Winds pick up as W. Wash. awaits Act II of weather drama

Winds pick up as W. Wash. awaits Act II of weather drama »Play Video
Gusty winds knocked a tree down onto a car near Shoreline Community College on Saturday afternoon. (Photo by YouNews contributor judbud)
North winds picked up across Western Washington on Saturday, toppling some trees and power lines, as Act I of the season's first cold weather drama played out - setting the stage for more plot twists in the coming days.

The National Weather Service issued a statement warning of even colder surge of air from Canada on Monday and Tuesday, which is expected to usher in subfreezing temperatures and the possibility of snow south of Olympia.

In Bellingham, where anywhere from 1 to 3 inches of snow fell Friday night, the mercury barely climbed above freezing on Saturday as wind gusts out of the Fraser River valley topped 40 mph. The overnight wind chill in Bellingham dropped to 15 degrees.

North winds surged elsewhere across the region as well, including Sea-Tac Airport and the Tacoma Narrows, where winds gusted to nearly 30 mph.

The wind gauge on the Edmonds-Kingston ferry reported winds of 30 to 40 mph on Saturday afternoon, with a peak gust to 41 mph.

Winds toppled a tree across Ballinger Way at Lake Forest Park at about 3:45 p.m. Saturday, blocking the highway and knocking out power to homes and businesses in the area.

Gusty winds also brought down a tree and power lines on top of a car in the 500 block of NE 127th Street in Seattle at about 4:15 p.m., trapping three people inside and leaving about 500 customers without lights.

Wind-driven waves also began breaking apart a city dock in Tacoma at the Foss Seaport, but the structure was scheduled to be removed next week anyway and access to the dock had already been closed off.

Early afternoon temperatures were mostly stuck in the upper 30s through much of the Puget Sound region. But little or no more snow was expected Saturday, although a few flurries were possible in the northern Olympic Peninsula.

The National Weather Service issued a statement Saturday morning saying the worst is yet to come.

"A second surge of colder air on Monday will be accompanied by another blast of cold Fraser River outflow ... but this time it is likely that the cold air will sweep south throughout Western Washington," the statement said.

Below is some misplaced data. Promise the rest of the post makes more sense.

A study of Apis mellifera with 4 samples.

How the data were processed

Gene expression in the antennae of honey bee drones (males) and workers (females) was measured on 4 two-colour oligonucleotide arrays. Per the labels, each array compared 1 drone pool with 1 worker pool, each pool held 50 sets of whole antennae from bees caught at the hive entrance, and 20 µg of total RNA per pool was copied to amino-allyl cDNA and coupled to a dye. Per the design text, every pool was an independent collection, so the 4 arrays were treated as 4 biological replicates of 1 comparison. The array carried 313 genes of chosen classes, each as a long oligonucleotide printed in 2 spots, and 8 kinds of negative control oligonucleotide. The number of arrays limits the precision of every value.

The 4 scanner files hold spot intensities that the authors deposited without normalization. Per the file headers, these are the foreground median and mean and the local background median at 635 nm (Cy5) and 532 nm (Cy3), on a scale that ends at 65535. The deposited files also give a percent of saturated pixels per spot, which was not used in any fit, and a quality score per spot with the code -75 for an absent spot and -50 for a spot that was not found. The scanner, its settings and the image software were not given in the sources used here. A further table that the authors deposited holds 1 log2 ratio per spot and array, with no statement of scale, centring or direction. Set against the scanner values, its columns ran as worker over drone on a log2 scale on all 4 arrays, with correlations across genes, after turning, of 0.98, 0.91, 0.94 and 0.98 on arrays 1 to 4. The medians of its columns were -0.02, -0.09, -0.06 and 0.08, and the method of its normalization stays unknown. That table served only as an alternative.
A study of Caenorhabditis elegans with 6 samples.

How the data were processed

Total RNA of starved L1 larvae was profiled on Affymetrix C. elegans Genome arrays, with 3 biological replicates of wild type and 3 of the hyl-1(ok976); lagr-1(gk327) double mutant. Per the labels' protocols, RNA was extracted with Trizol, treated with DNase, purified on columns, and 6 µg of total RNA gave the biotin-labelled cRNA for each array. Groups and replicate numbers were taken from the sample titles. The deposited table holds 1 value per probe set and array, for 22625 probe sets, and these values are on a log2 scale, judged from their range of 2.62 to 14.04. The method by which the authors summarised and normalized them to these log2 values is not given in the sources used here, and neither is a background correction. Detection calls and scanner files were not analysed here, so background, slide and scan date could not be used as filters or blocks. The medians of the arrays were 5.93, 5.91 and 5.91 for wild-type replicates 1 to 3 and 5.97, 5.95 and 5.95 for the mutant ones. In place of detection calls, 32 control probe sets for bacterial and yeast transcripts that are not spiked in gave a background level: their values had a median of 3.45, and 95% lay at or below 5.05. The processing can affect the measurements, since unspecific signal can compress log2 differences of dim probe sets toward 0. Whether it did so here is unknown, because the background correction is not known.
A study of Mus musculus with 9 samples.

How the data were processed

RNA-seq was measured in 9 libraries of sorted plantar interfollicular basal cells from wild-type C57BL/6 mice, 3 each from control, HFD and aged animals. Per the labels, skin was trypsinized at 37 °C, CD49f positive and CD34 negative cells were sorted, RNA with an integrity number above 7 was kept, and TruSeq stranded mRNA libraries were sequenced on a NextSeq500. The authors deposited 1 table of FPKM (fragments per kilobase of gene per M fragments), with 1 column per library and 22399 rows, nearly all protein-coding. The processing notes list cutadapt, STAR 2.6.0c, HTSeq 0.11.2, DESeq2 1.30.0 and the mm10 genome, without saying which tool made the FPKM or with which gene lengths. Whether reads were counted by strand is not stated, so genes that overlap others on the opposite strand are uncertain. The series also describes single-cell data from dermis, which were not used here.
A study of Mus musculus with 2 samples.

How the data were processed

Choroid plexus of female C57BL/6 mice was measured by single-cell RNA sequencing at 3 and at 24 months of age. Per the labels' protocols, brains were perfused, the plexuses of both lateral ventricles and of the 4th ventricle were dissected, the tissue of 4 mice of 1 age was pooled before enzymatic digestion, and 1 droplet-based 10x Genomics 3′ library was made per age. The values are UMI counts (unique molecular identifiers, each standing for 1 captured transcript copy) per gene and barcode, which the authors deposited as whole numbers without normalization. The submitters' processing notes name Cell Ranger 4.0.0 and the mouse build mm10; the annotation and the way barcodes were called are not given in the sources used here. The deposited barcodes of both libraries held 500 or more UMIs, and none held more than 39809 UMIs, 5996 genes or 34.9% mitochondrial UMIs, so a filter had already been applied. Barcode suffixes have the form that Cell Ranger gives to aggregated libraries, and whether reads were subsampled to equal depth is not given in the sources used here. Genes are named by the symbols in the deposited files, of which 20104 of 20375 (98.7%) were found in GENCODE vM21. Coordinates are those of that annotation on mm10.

According to computer models, most of the snowfall on Monday should fall in southwest Washington and Oregon, but there is a chance that some accumulating show could develop over Western Washington on Monday.

The current forecast is for 1 to 3 inches of snow to fall on Monday south of Olympia, and people in southwest Washington may encounter winter driving conditions on Monday, the Weather Service said.

However, the forecast could change. So local residents are being advised to stay tuned and check the latest forecasts and conditions change.

Here is Scott Sistek's forecast for the coming days, updated as of 2:45 p.m. Saturday:

Saturday Night / Sunday

Cooler air keeps filtering in, but moisture becomes in even more short supply. Snow levels will likely be near sea level to a few hundred feet, but we're thinking flurries at best because the air looks quite dry. Lows Saturday night range from 28-32, highs Sunday are in the mid-upper 30s.

Greater Seattle area recap: No real problems expected.

Sunday Night

Region cools further as arctic air keeps settling in. There is very little moisture around so we're looking at a few flurries here and there. However, it will be quite cold Sunday night with lows in the mid-upper 20s. That could present some icy roads for Monday morning.

Monday

Forecasting models now indicate another reinforcing shot of cold air will roll in from the north. There is also an area of low pressure dropping down from the north, but models indicate this storm will pass offshore then come inland into southern Washington or Oregon. This would be a classic snow-maker for Seattle, only it appears the moisture is going to be too far south.

For areas Olympia south through western Oregon, we are looking at the potential for 1-3" of snow on Monday. For areas north -- obviously including Seattle and the Puget Sound region -- we're looking very cold and mostly dry. We have to keep an eye on this because if the moisture does come farther north, it would be snow. But at this point, there is low chance of snow, except for Olympia. Highs will only be in the low-mid 30s, with perhaps only 20s in Bellingham.

Monday night through Tuesday night

The moisture is gone by Monday night and then skies clear and we get REALLY cold. Lows Monday night will be in the teens to low 20s.

Tuesday looks dry and cold with highs again lucky to reach freezing. And then another frigid night Tuesday night with lows 18-24.

Extended forecast

We slowly moderate through the week and should be OK by big travel Wednesday with no lowland weather-related travel issues foreseen at this point. Even the mountains might be OK as we appear to stay mainly dry. Thanksgiving through Sunday stick mainly dry with near-normal temperatures, but we'll keep tabs just in case Mother Nature tries to sneak something at us when we attempt to warm up next week.